Sunday, May 29, 2011

Initial Conditions and Predictability

According to physicist, Eugene Wigner (article linked in sidebar), physics is possible because we are able to identify regularities in nature.
The world around us is of baffling complexity and the most obvious fact about it is that we cannot predict the future... It is, as Schrodinger has remarked, a miracle that in spite of the baffling complexity of the world, certain regularities in the events could be discovered. One such regularity, discovered by Galileo, is that two rocks, dropped at the same time from the same height, reach the ground at the same time. The laws of nature are concerned with such regularities...
This is surprising, he says, for a few reasons. The first is that it is true everywhere on earth and it will always be true, i.e., it is invariant. The second reason that it is surprising is that this invariance "is independent of so many conditions that could have an effect on it." It doesn't matter where on earth or by whom the rocks are dropped and "there are innumerable other conditions which are all immaterial from the point of view of the validity of Galileo's regularity." He says,
The irrelevancy of so many circumstances which could play a role in the phenomenon observed has also been called an invariance. However, this invariance is of a different character from the preceding one since it cannot be formulated as a general principle. The exploration of the conditions which do, and which do not, influence a phenomenon is part of the early experimental exploration of a field. It is the skill and ingenuity of the experimenter which show him phenomena which depend on a relatively narrow set of relatively easily realizable and reproducible conditions. (Italics added.)
This is important when it comes to understanding the surprising thing about making predictions. Wigner says, "the law of nature is contained in the statement that the length of time which it takes for a heavy object to fall from a given height is independent of the size, material, and shape of the body which drops."

Given certain "easily realizable and reproducible" Initial Conditions (ICs) and a Law of Nature (LN), then a Prediction will follow. (IC & LN) > P. However, 
the laws of nature can be used to predict future events only under exceptional circumstances - when all the relevant determinants of the present state of the world are known. It is also in consonance with this that the construction of machines, the functioning of which he can foresee, constitutes the most spectacular accomplishment of the physicist. In these machines, the physicist creates a situation in which all the relevant coordinates are known so that the behavior of the machine can be predicted. Radars and nuclear reactors are examples of such machines.
The two important points I draw from the preceding exposition are:
  1. In order to apply a law to make a prediction you need to identify the relevant conditions (ICs).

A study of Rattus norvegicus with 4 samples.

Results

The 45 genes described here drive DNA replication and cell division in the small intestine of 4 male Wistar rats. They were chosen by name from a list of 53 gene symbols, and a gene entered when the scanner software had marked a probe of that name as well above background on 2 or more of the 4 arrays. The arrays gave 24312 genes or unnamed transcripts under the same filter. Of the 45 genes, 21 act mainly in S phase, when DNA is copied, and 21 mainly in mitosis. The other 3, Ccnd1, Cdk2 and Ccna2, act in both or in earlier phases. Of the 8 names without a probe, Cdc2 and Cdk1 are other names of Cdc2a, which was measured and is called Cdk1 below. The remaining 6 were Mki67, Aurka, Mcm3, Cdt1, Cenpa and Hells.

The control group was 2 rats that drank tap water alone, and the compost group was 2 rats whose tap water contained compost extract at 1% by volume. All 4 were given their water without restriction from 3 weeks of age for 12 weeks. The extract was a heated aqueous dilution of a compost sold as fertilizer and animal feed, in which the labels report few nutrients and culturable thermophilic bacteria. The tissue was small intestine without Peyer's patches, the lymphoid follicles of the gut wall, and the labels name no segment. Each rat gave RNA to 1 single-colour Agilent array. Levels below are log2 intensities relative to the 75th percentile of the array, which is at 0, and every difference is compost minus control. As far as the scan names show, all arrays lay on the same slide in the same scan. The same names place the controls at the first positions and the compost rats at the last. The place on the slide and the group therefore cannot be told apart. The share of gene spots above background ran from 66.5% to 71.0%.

2. The ability to isolate phenomena whose regularity can be demonstrated with easily reproducible conditions cannot be summed up in a general principle. 
 To those two points I would also add an idea that I think follows from an insight of Stuart Kauffman, author of Reinventing the Sacred (linked on the sidebar) where he says, in analyzing mechanical systems, 
physicists since Newton have put in the constraints..."by hand" as what are called the mathematical "boundary conditions" on a system, rather like the boundaries of a billiard table, that keep the balls from rolling off into infinity or under the table. Given the boundary conditions, physicists state the initial conditions, particles and forces, and solve the equations for the subsequent dynamics...
But in the real universe, we can ask, "Where do the constraints themselves come from?"(pp. 90-91) (italics added.)
Although in principle it might be possible to retroactively determine the sequence of events that gave rise to a naturally occurring phenomenon (then again, there's the problem of infinite regress), no one could specify the relevant conditions in advance of every phenomenon-to-be in this complex world. What would we be looking for?

Kauffman discusses the evolution of life and considers Darwinian preadaptations; e.g., three bones in the jaw of an ancestral fish that become bones in the middle ear in species descended from it. At the time this ancient fish lived, was there any way to predict the role of its bones in later species, let alone what later species would emerge?

This is not just an issue of complexity or chaos; i.e., sensitivity to initial conditions (a.k.a "the butterfly effect"). It is that, as Kauffman says, we can't prestate the relevant conditions  (p. 139 ff). What potentials will become actualities?  In Kauffman's view, this is not just an epistemic limitation, it is an ontological one. He says, "the evolution of life violates no law of physics, but cannot be reduced to physics." Not all of nature is law governed. 

So it seems to Kauffman, and to me, that the "natural law" model of a mechanistic universe has limited applicability; i.e., to "phenomena which depend on a relatively narrow set of relatively easily realizable and reproducible conditions."

We cannot completely predict the future, and generally that idea gives me comfort. Nature has space to play.